Setting, and reporting, angles of travel

#1

Part of building audio games as a blind person means you’re not just building the world, but also the lens through which that world is viewed. Now that I have a working radar system that alerts me to contact with obstacles, I’m noticing that rotation feels very choppy. So now I’m questioning my logic for setting/getting rotation angles.

Essentially, I need to report a direction to the player in some form specific to the game type (degrees for flight games, cardinal direction for roleplaying, etc.) It’s this reporting requirement that seems to be tripping me up. If I just wanted to rotate, I imagine I could just apply a delta rotation to some axis and everything would be fine. I also understand that objects can invert if too much rotation is applied on a given axis. If it simplifies things, I’m happy to lock rotation on Z such that, for instance, a flight game is limited to pitches of ±90 and no roll.

If I understood the suggestion correctly, someone on the Amethyst forum suggested that the best way to achieve this was to make the angles your source of truth, modify them to reflect the player’s desired course, then sync them to the transform. So I have:

#[derive(Default, Deserialize, Serialize)]
struct Course(f32, f32, f32);

impl Component for Course {
    type Storage = DenseVecStorage<Self>;
}

struct CourseSystem;

impl<'s> System<'s> for CourseSystem {
    type SystemData = (WriteStorage<'s, Course>, WriteStorage<'s, Transform>);

    fn run(&mut self, (mut courses, mut transforms): Self::SystemData) {
        // Only handle Y rotation for now, walk before I crawl and such...
        for (course, transform) in (&mut courses, &mut transforms).join() {
            while course.1 < 0. {
                course.1 += consts::PI * 2.;
            }
            while course.1 >= consts::PI * 2. {
                course.1 -= consts::PI * 2.;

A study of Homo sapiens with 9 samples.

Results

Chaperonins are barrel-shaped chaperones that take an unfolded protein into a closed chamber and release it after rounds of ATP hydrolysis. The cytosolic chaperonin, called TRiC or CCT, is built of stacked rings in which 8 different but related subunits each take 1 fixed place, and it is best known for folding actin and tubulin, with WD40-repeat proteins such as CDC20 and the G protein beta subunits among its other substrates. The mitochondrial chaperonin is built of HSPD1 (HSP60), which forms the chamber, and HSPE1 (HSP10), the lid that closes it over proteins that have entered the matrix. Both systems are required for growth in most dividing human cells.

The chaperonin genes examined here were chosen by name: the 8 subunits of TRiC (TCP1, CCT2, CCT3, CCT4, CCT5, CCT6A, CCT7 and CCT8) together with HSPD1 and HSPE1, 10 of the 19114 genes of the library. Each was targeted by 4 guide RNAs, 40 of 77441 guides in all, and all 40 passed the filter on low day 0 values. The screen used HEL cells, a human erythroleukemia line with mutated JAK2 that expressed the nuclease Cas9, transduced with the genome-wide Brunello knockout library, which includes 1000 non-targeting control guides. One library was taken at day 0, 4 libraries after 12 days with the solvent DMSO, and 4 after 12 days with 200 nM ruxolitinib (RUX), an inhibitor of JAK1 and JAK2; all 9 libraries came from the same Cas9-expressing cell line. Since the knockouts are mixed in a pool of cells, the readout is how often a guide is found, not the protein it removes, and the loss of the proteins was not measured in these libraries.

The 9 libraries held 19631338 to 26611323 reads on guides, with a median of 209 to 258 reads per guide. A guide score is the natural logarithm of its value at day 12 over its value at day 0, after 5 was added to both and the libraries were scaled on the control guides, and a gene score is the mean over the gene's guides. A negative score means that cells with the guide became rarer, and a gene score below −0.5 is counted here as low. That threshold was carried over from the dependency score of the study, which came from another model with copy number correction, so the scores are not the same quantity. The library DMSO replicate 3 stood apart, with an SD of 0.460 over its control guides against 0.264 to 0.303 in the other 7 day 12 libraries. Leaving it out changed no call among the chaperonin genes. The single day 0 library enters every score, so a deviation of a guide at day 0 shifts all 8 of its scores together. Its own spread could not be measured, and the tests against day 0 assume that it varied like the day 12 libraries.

}
            transform.set_rotation_euler(course.0, course.1, course.2);
        }
    }
}

Then to rotate left/right, I do:

            if input_handler.action_is_down("rotate_left").unwrap()
                && !should_snap_left
                && !should_snap_right
            {
                course.1 += delta * config.player_rotation_rate;
            }
            if input_handler.action_is_down("rotate_right").unwrap()
                && !should_snap_left
                && !should_snap_right
            {
                course.1 -= delta * config.player_rotation_rate;
            }

rotation_rate is radians/second, which I’ve set to PI. The delta is also correct. The code works well in so far as it correctly updates an angle with values that look sensible. It doesn’t have the desired effect when I rotate the transform, though. Here’s a sample of me rotating to, then past, 90 degrees:

[INFO][onslaught] Current euler: (0.0, 1.5198197, 0.0)
[INFO][onslaught] Current euler: (0.0, 1.570451, 0.0)
[INFO][onslaught] Current euler: (3.1415927, 1.5186837, 3.1415927)
[INFO][onslaught] Current euler: (3.1415927, 1.4661156, 3.1415927)

At no point is my code setting any euler angles, other than that around the Y axis, to anything other than 0. So I’m wondering if my audio jitters are due to me trying to set an euler of (0., PI, 0.) and almost immediately having it set to:

[INFO][onslaught] Current euler: (3.1415927, 0.050882015, 3.1415927)

which is what my logs show when I rotate to what my HUD claims is 180. Even though those may be equivalent, the fact that I’m setting (0, PI, 0) and getting that seems like it’d cause some choppiness. By choppy, I mean that the rotation doesn’t sound circular. It sounds slow, then moves very quickly across short arcs, then slows down again. If I’m at (0, 0, 0) and have a sound at (0, 0, -150), several taps of the arrow with the sound at the extreme right or left barely move it. As soon as it centers in front or behind, though, taps seem to move it drastically.

So clearly I’m way off-base with something, and now that my world sensors are advanced enough, I can actually perceive that. I just don’t know where to even begin setting correct rotations and being able to report angles to my player.

Thanks for all the help. This is tough but I’m having a blast with it.


OK, made some progress. Was a combination of inverting things I shouldn’t have, and not inverting things I should. This topic isn’t relevant anymore and I’ll return to a previous one.